Referees travel in crews across all levels of organized football and receive grades on their performances. With so many official on the field, though, it can be tough to tell who's who. To be easily distinguishable to coaches, players and fans alike, each referee has a uniform number and letters to identify him and his position.
Video of the Day
Each NFL referee has his own jersey number for the same reason a player does: identification. NFL players have number limitations based on their positions, but referee numbers are randomly assigned, or can be chosen with the permission of the NFL. The numbers for referee uniforms are also allowed to go into the hundreds. The lowest-numbered official in 2012 was Craig Wrolstad's No. 4, while the highest was Pete Morelli's No. 135.
Along with the distinguishing numbers on a referee jersey come a series of letters. Each set of letters denotes a position: referee (R), umpire (U), head linesman (HL), line judge (LJ), field judge (FJ), side judge (SJ) and back judge (BJ). Each position comes with its own responsibilities throughout the game. The most noticeable for viewers is the referee. These head officials are the faces that NFL fans will likely recognize. They are responsible for announcing penalties to the crowd and TV audience.
Referee uniforms have changed throughout the years. NFL officials originally wore white shirts, black pants, black bow ties and white hats, with no distinguishing markings. Because they were frequently mistaken for players of the home team -- which also wears white -- the vertical stripes were added. NFL referees have worn variations of the black-and-white striped and numbered uniforms since 1945.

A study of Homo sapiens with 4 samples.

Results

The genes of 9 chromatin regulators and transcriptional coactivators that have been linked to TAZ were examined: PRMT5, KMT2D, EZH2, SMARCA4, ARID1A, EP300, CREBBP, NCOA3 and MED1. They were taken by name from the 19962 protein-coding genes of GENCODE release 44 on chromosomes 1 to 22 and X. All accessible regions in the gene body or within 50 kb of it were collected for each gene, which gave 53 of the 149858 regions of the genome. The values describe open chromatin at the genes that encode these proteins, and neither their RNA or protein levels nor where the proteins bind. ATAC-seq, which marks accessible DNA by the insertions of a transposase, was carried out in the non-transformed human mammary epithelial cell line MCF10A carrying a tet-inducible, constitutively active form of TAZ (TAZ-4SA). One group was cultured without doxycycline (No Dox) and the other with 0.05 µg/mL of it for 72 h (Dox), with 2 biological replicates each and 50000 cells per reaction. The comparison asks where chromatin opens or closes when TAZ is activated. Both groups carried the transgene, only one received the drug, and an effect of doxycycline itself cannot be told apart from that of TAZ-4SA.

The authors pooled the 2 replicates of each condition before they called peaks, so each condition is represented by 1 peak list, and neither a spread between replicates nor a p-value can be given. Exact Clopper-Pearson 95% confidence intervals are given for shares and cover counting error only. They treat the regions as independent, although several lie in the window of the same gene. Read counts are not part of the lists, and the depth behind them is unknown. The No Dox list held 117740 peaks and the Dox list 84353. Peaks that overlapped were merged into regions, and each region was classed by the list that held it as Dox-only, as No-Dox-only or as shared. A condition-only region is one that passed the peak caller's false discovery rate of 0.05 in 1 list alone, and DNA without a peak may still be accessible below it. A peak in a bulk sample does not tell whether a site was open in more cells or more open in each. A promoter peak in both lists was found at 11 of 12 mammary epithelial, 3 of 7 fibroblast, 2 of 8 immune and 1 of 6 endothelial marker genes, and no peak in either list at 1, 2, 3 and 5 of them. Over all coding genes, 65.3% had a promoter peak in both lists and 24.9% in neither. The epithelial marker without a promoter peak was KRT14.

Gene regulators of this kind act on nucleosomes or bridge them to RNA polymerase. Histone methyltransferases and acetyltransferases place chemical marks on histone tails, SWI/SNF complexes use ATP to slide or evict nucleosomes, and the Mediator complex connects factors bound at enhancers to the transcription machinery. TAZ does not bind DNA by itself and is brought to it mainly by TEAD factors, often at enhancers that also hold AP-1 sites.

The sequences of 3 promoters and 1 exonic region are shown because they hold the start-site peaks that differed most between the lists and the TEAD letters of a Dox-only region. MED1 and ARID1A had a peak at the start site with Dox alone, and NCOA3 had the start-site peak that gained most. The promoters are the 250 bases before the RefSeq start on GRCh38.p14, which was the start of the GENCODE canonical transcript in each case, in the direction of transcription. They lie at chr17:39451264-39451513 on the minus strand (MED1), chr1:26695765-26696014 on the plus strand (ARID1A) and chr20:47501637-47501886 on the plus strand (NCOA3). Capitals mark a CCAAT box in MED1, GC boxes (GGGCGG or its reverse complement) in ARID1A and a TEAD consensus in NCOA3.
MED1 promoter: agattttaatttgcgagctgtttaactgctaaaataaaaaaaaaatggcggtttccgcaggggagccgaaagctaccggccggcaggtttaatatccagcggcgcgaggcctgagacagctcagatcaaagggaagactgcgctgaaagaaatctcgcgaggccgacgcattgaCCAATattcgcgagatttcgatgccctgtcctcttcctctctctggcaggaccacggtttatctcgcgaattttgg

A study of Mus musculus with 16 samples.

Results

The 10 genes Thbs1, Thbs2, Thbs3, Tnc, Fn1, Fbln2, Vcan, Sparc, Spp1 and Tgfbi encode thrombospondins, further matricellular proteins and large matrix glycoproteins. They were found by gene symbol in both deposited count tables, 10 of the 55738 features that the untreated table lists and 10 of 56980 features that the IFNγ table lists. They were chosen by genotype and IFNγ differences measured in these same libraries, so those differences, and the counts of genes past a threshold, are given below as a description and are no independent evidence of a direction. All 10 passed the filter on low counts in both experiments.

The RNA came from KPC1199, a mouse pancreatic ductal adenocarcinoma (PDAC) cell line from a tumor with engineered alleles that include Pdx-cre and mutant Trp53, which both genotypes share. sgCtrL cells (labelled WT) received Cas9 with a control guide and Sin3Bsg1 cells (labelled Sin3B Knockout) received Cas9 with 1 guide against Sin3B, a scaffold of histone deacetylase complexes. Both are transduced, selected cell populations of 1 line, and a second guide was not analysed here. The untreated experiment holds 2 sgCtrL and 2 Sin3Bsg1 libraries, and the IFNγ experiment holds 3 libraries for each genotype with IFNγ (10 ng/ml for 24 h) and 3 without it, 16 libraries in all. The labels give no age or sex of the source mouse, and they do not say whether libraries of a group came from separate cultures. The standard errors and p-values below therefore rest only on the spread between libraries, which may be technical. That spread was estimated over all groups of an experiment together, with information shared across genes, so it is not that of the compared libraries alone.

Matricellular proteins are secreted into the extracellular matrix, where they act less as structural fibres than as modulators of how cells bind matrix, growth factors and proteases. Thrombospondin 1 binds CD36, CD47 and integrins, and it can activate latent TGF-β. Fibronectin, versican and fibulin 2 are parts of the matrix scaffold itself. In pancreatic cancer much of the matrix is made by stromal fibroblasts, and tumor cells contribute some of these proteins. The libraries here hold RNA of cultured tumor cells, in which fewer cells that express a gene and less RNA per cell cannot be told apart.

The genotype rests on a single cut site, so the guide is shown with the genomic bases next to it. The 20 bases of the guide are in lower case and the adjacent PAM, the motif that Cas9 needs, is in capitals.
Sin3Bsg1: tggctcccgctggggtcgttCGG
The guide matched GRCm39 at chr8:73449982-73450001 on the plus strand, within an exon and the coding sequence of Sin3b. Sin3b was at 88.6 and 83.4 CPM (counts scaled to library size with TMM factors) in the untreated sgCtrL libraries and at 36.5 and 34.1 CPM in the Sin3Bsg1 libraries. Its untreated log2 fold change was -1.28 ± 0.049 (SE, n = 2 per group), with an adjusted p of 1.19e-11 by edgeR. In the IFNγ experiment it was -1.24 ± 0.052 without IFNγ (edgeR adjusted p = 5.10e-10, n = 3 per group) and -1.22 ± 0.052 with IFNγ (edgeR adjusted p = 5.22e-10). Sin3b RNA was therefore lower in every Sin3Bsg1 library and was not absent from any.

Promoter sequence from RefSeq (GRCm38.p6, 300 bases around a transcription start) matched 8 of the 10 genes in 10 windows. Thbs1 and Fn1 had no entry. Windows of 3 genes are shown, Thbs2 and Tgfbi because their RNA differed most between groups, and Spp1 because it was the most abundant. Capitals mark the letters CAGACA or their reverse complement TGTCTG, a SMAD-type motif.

With seven officials in action at any given time, there are a lot of calls to keep track of. Each "crew," as it's called, in the NFL, is headed by a lead referee. After each game, each referee is rated for every call, according to former NFL referee Allen Baynes. For incorrect calls, the referees lose points off their said grade. Those grading the referees will use jersey numbers to distinguish who made the call. The grade is used, most notably, to determine which referees get called upon for playoff contests.
Through the Ranks
Referees must begin at the high school and college levels before making it to the pros. According to a 2012 article in the "Christian Science Monitor," officials at the high school level and above have a .17 percent chance to make it to the NFL. While there are many variations of the rules, procedures and uniforms between high school, college and the NFL, the jersey numbers and letters all serve the same purpose.